New Data Characterizes Burden of Pruritus in Patients with Chronic Dermatoses


Patients impacted by pruritus were more depressed and anxious than a comparison control group.

Tomasz Hawro, MD

Effective clinical treatment strategies are currently needed to treat pruritus and the underlying skin disease. However, for that to happen, more research is needed on the condition.

A team, led by Tomasz Hawro, MD, Department of Dermatology and Allergy, Berlin University of Medicine, investigated the characteristics, including localization patterns, and burden of pruritus in patients with chronic dermatoses.

Pruritus often comes with chronic skin disease, exerting considerable burden on several different areas of patient functioning. However, this burden and the features of pruritus are not sufficiently characterized.

The investigators recruited approximately 800 patients with active chronic skin diseases for the study. The research team assessed pruritus intensity, localization, and further characteristics. The researchers also validated questionnaires to assess the quality of life, work productivity and activity impairment, anxiety, depression, and sleep quality.

Overall, 9 out of every 10 participant had experienced pruritus throughout their disease, including 73% in the previous 7 days.

The team also found that pruritus often impacted the entire body and was not restricted only to skin lesions. Patients with moderate to severe pruritus reported significantly more impairment to their sleep quality and work productivity.

These patients were also more depressed and anxious than the control group, as well as patients with mild or no pruritus.

Suicidal ideations were also highly prevalent in patients with chronic pruritus (18.5%) and atopic dermatitis (11.8%).

Last year, investigators found higher-dose ligelizumab was linked to a greater rate of complete symptom control among patients with chronic spontaneous urticaria.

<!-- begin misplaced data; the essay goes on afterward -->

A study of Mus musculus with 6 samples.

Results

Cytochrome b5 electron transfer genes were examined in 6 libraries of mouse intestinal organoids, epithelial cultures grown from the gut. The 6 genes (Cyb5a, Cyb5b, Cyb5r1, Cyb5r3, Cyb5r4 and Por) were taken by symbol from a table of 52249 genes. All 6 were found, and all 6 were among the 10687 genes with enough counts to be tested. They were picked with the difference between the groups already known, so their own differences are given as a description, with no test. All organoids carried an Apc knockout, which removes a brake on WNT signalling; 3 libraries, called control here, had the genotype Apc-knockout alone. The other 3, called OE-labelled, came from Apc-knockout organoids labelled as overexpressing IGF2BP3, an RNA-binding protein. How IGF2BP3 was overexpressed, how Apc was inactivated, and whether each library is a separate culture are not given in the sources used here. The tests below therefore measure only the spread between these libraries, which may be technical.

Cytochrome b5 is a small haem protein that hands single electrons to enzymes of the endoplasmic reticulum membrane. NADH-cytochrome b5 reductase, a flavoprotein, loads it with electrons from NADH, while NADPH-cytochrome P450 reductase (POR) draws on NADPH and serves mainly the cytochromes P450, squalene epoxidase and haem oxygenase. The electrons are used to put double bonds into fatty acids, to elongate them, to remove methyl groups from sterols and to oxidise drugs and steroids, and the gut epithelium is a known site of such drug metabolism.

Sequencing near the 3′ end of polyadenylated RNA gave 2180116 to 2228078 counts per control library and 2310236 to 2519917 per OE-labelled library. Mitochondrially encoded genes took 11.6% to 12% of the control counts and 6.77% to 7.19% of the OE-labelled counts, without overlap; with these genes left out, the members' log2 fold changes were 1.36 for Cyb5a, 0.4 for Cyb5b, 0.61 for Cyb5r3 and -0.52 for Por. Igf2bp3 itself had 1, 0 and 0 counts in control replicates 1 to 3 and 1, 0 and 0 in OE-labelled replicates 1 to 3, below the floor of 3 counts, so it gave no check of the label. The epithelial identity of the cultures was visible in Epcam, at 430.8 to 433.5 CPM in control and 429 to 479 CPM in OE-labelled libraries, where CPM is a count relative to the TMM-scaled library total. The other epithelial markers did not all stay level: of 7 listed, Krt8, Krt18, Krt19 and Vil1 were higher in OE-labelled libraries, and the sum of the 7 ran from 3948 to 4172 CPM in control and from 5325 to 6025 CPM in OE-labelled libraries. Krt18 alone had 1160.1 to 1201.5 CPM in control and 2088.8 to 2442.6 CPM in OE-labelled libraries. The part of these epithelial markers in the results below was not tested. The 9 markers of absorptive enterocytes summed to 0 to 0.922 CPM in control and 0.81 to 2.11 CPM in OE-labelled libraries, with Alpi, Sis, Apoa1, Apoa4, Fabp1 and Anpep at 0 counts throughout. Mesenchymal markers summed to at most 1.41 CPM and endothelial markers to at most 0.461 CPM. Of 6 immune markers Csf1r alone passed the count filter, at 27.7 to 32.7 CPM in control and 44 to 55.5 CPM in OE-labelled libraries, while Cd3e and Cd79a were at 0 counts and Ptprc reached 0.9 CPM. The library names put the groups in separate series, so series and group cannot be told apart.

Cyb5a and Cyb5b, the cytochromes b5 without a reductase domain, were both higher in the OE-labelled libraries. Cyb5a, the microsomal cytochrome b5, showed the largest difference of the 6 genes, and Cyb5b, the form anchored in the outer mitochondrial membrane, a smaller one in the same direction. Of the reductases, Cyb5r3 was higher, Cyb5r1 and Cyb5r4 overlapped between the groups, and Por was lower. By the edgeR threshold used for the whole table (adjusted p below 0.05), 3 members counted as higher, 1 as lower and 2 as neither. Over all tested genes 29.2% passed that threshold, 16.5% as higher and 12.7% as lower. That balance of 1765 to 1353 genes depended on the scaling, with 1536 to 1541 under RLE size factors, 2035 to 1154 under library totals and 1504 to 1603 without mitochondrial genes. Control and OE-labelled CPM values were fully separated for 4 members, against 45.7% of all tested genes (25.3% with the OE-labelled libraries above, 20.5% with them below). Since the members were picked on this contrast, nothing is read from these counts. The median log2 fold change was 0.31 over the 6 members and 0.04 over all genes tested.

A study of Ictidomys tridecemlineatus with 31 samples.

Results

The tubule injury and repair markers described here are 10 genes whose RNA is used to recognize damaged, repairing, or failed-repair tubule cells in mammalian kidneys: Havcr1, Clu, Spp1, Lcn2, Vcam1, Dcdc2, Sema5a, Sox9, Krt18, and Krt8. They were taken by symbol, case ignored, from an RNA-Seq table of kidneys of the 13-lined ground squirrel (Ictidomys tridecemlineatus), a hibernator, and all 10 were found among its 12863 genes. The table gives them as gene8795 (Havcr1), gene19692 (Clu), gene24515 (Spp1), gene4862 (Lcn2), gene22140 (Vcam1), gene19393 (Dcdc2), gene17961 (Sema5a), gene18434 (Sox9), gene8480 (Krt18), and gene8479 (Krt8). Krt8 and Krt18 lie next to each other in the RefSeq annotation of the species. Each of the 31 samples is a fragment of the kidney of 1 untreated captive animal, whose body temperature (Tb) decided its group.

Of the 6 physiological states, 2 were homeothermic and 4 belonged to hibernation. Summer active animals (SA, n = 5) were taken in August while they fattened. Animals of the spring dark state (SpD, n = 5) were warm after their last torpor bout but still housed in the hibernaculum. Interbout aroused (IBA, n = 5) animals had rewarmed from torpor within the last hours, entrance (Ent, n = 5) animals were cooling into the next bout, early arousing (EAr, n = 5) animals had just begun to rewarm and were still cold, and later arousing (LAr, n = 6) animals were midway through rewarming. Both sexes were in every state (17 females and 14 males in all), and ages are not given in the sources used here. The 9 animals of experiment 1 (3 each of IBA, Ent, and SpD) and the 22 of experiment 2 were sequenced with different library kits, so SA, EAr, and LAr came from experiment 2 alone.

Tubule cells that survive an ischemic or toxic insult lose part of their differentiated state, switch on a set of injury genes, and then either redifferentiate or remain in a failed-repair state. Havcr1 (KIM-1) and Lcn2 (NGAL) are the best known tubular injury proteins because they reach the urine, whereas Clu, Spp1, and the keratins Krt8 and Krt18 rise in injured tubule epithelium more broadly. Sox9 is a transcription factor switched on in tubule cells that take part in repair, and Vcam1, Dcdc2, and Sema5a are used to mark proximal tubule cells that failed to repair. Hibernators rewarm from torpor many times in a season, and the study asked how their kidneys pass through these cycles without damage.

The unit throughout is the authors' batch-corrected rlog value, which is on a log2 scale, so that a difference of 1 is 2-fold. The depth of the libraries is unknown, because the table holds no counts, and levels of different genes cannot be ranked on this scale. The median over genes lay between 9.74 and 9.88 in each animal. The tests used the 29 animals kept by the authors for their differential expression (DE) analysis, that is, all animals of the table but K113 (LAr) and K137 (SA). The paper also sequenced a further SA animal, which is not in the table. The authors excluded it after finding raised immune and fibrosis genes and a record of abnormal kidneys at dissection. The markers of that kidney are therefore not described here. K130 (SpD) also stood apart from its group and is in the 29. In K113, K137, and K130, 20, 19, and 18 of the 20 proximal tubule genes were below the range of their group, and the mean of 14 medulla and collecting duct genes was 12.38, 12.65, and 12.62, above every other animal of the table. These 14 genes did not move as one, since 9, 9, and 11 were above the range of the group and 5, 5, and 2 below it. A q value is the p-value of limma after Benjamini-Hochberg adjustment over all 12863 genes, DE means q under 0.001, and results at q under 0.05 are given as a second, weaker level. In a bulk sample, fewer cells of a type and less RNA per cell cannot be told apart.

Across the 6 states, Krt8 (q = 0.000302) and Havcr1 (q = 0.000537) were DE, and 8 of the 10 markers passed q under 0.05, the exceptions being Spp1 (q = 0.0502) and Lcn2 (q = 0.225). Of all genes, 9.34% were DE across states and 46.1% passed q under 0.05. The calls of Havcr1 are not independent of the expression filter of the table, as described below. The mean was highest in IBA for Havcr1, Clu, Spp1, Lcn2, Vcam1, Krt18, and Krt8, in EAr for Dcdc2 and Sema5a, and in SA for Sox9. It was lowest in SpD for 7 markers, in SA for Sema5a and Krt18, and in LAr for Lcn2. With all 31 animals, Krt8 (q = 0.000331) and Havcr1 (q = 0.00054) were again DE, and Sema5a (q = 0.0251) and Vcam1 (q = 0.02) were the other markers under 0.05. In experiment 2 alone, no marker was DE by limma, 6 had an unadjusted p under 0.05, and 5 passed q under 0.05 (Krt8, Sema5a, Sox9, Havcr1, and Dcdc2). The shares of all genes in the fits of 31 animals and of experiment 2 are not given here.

The investigative IGHE-binding immunomodulator developed by Novartis was shown to benefit patient control of hives when compared to treatment with omalizumab or placebo.

Though chronic spontaneous urticaria is known to involve autoimmune mechanisms via IgG autoantibodies against the high-affinity receptor for the Fc region of IgE in a majority of its patients, current treatment is not a treat-all standard.

Ligelizumab was shown in previous trials to suppress IgE in dose- and time-dependent instances, and to provide a superior response to allergen in skin-prick tests compared to omalizumab.

At week 12, a total of 30%, 51%, 42% of patients treated with 24 mg, 72 mg, 240 mg of ligelizumab, respectively, reported complete hives control. Just 26% of patients on omalizumab achieved this mark, and none on placebo. Investigators establish a dose-response relationship.

Another 30%, 44%, and 40% of the ligelizumab-treated patients in their respective dosing groups reported complete symptom control at week 12—again improving on the 26% of patients in the omalizumab arm, and none in the placebo arm.

No safety concerns in ligelizumab- nor omalizumab-treated patients were observed, though investigators noted the trial was small in scale and short in duration. The team concluded rates of complete symptom control in patients treated with 72-mg and 240-mg ligelizumab was statistically significant than the rates of patients on omalizumab or placebo.

While new treatments can be tested and proven effective, the research process could be event more successful if researchers learn more about the underlying characteristics of the disease.

“Pruritus prevalence and intensity are very high across all dermatoses studied; intensity is linked to impairment in many areas of daily functioning,” the authors wrote.

The study, “The characteristics and impact of pruritus in adult dermatologic patients: A prospective, cross-sectional study,” was published online in the Journal of the American Academy of Dermatology.